Maps, phones, ipads, internet, pad of paper, pens, compass and maybe a sexton tool were all used in the planning of the 2014 Smith Summer vacation. It had to be awesome. It had to be perfect. It had to be done. All but one of us realizes what is coming in November and this was our way of saying “Goodbye” to our family as we know it. (Quick background if you don’t know: my wife of 16 years is expecting our fourth child. That brings the quiver of children to two girls Hannah, 9; Sadie, 7 and two boys: Israel, 2 and Ezra, TBB...to be born.) This was to be the greatest and last trip as ‘this Smith Family.’
Once we decided it would be a short vacation to the DFW area, My wife and I conducted many conversations in preparations for this momentous occasion: What is the proper placement of hotel? Should the hotel pool be indoor or outdoor? Are those fancy Texas waffles there for the kids? What are the right enriching activities that we should do? Only fun or squeeze some learning activities in also? Do we include the children in our decisions?
The time came, the plans were made, and the fun began. We found the hotel to be located the perfect distance away and, yes the Texas waffles were there. Convincing the two year old that it was special to have his “own room” in the hotel was a stroke of genius by the wife. The boy loved the closet floor.
Each and everyday was full of memories, surprises, and focused on letting the kids have one more memory before Ezra joins us. A wonderful afternoon/evening at Six Flags Over Texas started the fun. There was arcade time for the #1 offspring, a dinner in Rainforest Cafe for the #2, Build-A-Bear for #1 & #2, train ride for #3 and lots of swimming for #1, #2, & #3. Even an exciting documentary about man eating crocidiles and snakes for #1.
The trip was great success, measured by the fact #2, known lovingly as “The Question” among those who travel with her, was asleep ten minutes into the ride home. Ah...the ride home.
DFW to San Antonio. Four hours, five depending on the bladder and eating desires of my children. As we are just leaving the back roads of getting from Mansfield to the I-35 conduit to our house, #3 asked the question all parents wait patiently to hear: “Are we there yet?” The answer is simple, Israel. “No we are not there. Only four hours to go.”
The question….”Are we there yet?” There are different degrees of understanding time by each of my children. For my oldest, four hours means the same distance to her grandmother’s house in Abilene; it means starting four to six books and finishing two to three of them. For the second born, it means two “real” movies on the DVD player or a bunch of “little” movies. For Israel, four hours means...well nothing.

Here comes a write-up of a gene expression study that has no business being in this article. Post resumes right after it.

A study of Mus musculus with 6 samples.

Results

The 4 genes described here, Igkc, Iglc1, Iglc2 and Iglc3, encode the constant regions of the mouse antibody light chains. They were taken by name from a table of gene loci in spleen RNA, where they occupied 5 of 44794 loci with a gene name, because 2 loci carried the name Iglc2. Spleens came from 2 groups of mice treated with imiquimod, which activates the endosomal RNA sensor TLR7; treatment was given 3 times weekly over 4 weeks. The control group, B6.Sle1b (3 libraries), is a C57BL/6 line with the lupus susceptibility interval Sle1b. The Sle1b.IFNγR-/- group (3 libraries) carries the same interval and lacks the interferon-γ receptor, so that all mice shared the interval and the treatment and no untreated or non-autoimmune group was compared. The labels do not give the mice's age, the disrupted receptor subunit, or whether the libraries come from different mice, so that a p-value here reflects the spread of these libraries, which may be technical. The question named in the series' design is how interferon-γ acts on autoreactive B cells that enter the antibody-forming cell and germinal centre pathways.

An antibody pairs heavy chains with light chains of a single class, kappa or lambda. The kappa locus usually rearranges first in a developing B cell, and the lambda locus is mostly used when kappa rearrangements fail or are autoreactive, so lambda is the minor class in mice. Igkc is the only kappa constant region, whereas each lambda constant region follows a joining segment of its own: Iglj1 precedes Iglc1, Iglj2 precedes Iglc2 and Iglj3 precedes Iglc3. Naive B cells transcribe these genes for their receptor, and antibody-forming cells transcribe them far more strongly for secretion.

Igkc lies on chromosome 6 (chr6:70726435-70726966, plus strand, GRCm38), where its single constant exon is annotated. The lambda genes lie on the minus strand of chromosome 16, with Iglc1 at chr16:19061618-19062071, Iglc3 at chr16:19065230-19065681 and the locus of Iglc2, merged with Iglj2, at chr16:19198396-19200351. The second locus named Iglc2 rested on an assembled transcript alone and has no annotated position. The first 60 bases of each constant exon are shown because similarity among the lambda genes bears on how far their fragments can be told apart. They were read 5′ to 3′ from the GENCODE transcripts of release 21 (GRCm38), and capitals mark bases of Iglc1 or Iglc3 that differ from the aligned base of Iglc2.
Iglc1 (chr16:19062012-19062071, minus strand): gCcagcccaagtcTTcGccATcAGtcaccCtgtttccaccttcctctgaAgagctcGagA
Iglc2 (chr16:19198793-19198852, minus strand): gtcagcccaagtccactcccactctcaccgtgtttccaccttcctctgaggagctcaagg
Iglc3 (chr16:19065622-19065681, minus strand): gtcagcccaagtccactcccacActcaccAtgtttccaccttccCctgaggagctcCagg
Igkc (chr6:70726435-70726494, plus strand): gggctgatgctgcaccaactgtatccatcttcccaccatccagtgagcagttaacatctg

After answering this question a couple of times during the first thirty minutes on the ride home, I vowed not to get frustrated by a two year old who has just been strapped to a chair like he is headed to the moon, desiring for the freedom he has had for the past five days. Then on that super highway of people racing to and fro from North and South Texas it happened. A theological adjustment by a simple thought place in my head by my Heavenly Father: “How do you think I feel when you ask me?”
Time, experienced by all, viewed differently by wisdom. The girls are developing a sense and understanding of time because of the life they have led. Israel, who cannot count to ten, how could he understand time? My wife and I have been around for closing in on four decades, so we get time. Don’t we? Time is how we judge the day, the birthdays, the time we are here.
My repetitive questions to my Father about “How much longer? What is taking so long? Are we there yet?” are a direct correlation to my son asking his father. The one who lives in time asking the one who lives outside of time is as silly as trying to explain the trip home to Israel: After Hillsboro is Waco, then North Austin and hopefully only an hour later South Austin and then San Marcos, New Braunfels, and home.
In a blink of an eye, it became clear. Israel was asking because he wanted to know and understand. I ask because I want to know and understand. Israel cannot understand everything right now. I cannot understand the full answer right now.
So, what I am to do? Follow the lead of my son. Stay “strapped in” to the direction the Lord is taking me, be willing to continue to ask questions and accept the answers giving. Keep moving down the road, knowing that one day the answer to “Are we there yet?” will “Yes”....the Ultimate Yes.